Bertie is a fluffy, snugly, lovable pooch who adores attention and hates to be alone.
He’s just 10 months old and is a small dog – he’s a Coton de Tulear (similar to a Maltese) – who normally weighs about 11 pounds.
But his family has now dubbed him “Bertie the Wonder Dog” after the little guy survived 11 days on Abbotsford’s Sumas Mountain– an area roamed by coyotes and which has had numerous cougar and bobcat sightings over the years.
Owner Alix Gray and her husband (who doesn’t want his name published due to his line of work) are still amazed that Bertie was located safe and sound on Tuesday afternoon.
“We are still in awe of our little survivor,” Gray said.
Bertie’s adventure began on Friday, Jan. 18, when he was off-leash with his dog walker – Gray and her husband were at work for the day – along a trail in Sumas Mountain Regional Park.
Bertie became separated and, when the dog walker noticed he was gone, she spent a long while trying to locate him before calling Gray, who rushed to the scene.
Gray spotted Bertie in the distance, in a forested area, and blew her whistle and called him, but he ran away.
She notified her husband, who also showed up, and the trio – along with Gray’s sister – spent hours trying to locate Bertie, to no avail.
They left the scene when darkness fell and the parking lot gates were closed, but Gray’s husband returned later to spend the night in his vehicle. He called for Bertie and listened for sounds, hoping that the pooch would turn up, but there were no sightings of him.
That weekend, the couple’s two kids stayed with their grandparents, while the pair again staked out the area and spent the night in their vehicle.
At one point, Gray came across a website for Petsearchers Canada, which is described as a “pet detective and bloodhound tracking service committed to the task of reuniting lost and stolen pets with their families.”
Gray contacted the Surrey-based company and spoke with owner Al MacLellan, who told her that even if they spotted Bertie, he would likely continue to run away from them because he was in survival mode.
MacLellan suggested they not go looking for Bertie, but wait for Bertie to instead come to them. He reassured them that a dog could survive the conditions and, as long there was no evidence to the contrary, they shouldn’t give up hope.
He set up multiple cameras in the area and four live traps that would enclose Bertie if he grabbed at the rigged-up piece of meat inside. MacLellan also displayed numerous highly visible “missing pet” posters around the traps and in the general area.
Meanwhile, word about Bertie’s disappearance was making the rounds on social media after the couple posted about it on a Facebook page for their neighbourhood, and the post, which included their cellphone numbers, was shared multiple times.
Over the next several days, numerous people came out to help the couple in the search for Bertie, while others sent them encouraging messages and phone calls.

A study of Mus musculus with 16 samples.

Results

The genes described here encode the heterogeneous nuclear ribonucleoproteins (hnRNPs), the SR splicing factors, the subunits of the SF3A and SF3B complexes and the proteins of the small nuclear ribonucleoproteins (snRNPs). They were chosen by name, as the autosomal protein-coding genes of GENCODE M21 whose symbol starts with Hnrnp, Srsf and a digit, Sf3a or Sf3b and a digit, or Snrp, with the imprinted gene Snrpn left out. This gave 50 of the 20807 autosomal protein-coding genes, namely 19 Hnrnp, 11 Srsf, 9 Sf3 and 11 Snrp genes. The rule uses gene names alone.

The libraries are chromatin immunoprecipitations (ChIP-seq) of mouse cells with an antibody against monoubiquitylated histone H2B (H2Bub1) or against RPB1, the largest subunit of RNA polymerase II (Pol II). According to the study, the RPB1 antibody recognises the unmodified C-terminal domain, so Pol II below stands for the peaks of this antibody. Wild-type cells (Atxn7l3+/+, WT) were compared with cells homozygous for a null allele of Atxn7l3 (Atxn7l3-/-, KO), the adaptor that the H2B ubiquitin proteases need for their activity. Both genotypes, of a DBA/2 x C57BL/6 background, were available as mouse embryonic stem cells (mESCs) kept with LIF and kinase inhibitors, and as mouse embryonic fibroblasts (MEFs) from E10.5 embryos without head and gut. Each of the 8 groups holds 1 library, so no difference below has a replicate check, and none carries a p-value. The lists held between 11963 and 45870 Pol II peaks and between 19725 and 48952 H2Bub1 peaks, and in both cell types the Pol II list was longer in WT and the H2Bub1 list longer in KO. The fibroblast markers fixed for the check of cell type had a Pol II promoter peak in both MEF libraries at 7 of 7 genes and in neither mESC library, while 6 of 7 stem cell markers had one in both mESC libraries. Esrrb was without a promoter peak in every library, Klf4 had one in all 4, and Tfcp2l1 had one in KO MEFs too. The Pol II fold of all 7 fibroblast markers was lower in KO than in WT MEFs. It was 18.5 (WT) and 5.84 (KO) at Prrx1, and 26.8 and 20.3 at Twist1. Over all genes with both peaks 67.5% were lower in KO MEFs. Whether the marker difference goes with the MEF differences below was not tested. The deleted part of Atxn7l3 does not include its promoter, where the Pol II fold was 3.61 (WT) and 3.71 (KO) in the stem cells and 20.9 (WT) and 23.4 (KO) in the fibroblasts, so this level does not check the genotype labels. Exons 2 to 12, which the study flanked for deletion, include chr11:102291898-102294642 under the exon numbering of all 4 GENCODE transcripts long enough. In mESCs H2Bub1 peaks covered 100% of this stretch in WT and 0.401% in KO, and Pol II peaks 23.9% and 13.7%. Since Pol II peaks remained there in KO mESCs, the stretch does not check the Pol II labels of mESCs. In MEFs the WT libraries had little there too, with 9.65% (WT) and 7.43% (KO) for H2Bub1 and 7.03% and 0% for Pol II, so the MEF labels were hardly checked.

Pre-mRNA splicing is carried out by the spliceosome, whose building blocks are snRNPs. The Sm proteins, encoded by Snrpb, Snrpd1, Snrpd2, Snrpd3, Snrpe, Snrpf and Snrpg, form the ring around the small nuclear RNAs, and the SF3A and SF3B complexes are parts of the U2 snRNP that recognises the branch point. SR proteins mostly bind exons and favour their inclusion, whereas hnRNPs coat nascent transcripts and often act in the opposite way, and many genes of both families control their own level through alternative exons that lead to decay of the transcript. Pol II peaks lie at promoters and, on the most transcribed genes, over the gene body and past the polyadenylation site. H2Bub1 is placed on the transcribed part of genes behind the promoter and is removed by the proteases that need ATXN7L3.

Gray’s husband continued to stay at the site most nights and was joined, or replaced by, family members and friends.
Bertie didn’t appear for any of them, but he was spotted on Jan. 23 around noon by a jogger on an access road to the Squid Line trail and the following day around 2 p.m. by a driver on the main road going up the mountain.
Bertie also showed up in one video clip – also during the day – as he was walking along the road. The footage also captured coyotes at various times, but this information was not shared with the couple until after Bertie was caught.
A troubling setback occurred on Monday (Jan. 28), when vandals ripped up all the posters and threw the four traps down a ravine.
Gray said this was the point when they started to lose hope, but MacLellan encouraged them to keep going.
Her husband climbed down the ravine and retrieved the broken traps. He and his dad fixed one of them, using an arm of a pair of sunglasses, and set it up with some fresh meat.
On Tuesday afternoon, Gray received a phone call from a Shaw cable worker who was driving in the area.
He told her that Bertie was in a trap on the service road. Gray couldn’t believe it, and asked the man if he could stay with Bertie until she got there. She then phoned her husband, and they drove to the scene separately, each arriving to find a group of people surrounding Bertie’s cage.
Three women who had heard about Bertie had gone to the area to help look for him, and discovered that he had already been trapped.
Gray’s husband arrived first, and she was next. Bertie began whining and jumping when he spotted the couple, and it was an emotional scene.
“I was in shock. My husband was in shock. We both started crying immediately,” Gray said.
Bertie was thin and scruffy but otherwise seemed in good health. A trip to the vet’s that night confirmed he had lost about two pounds, and he is now taking medication for his kidneys and liver, but he should make a full recovery.
Gray describes Bertie as the “sweetest, kindest” dog they have ever had and who has a “gentle soul.” She said they went to such measures to get him back because he is an integral part of their family.
“We knew he was there and we would not – and could not – leave him out there without doing absolutely everything we could to try to help him come home,” she said.
“He is more than a dog to us – he is absolutely a family member.”
The couple also said they are grateful for the knowledge of MacLellan and are overwhelmed by the support from the community – from people who came out to help search for Bertie to the messages and phone calls they received.
“We have never felt more connected to our community and our friends and our family, and our lost dog has become a found faith in the kindness and goodness of people,” Gray said.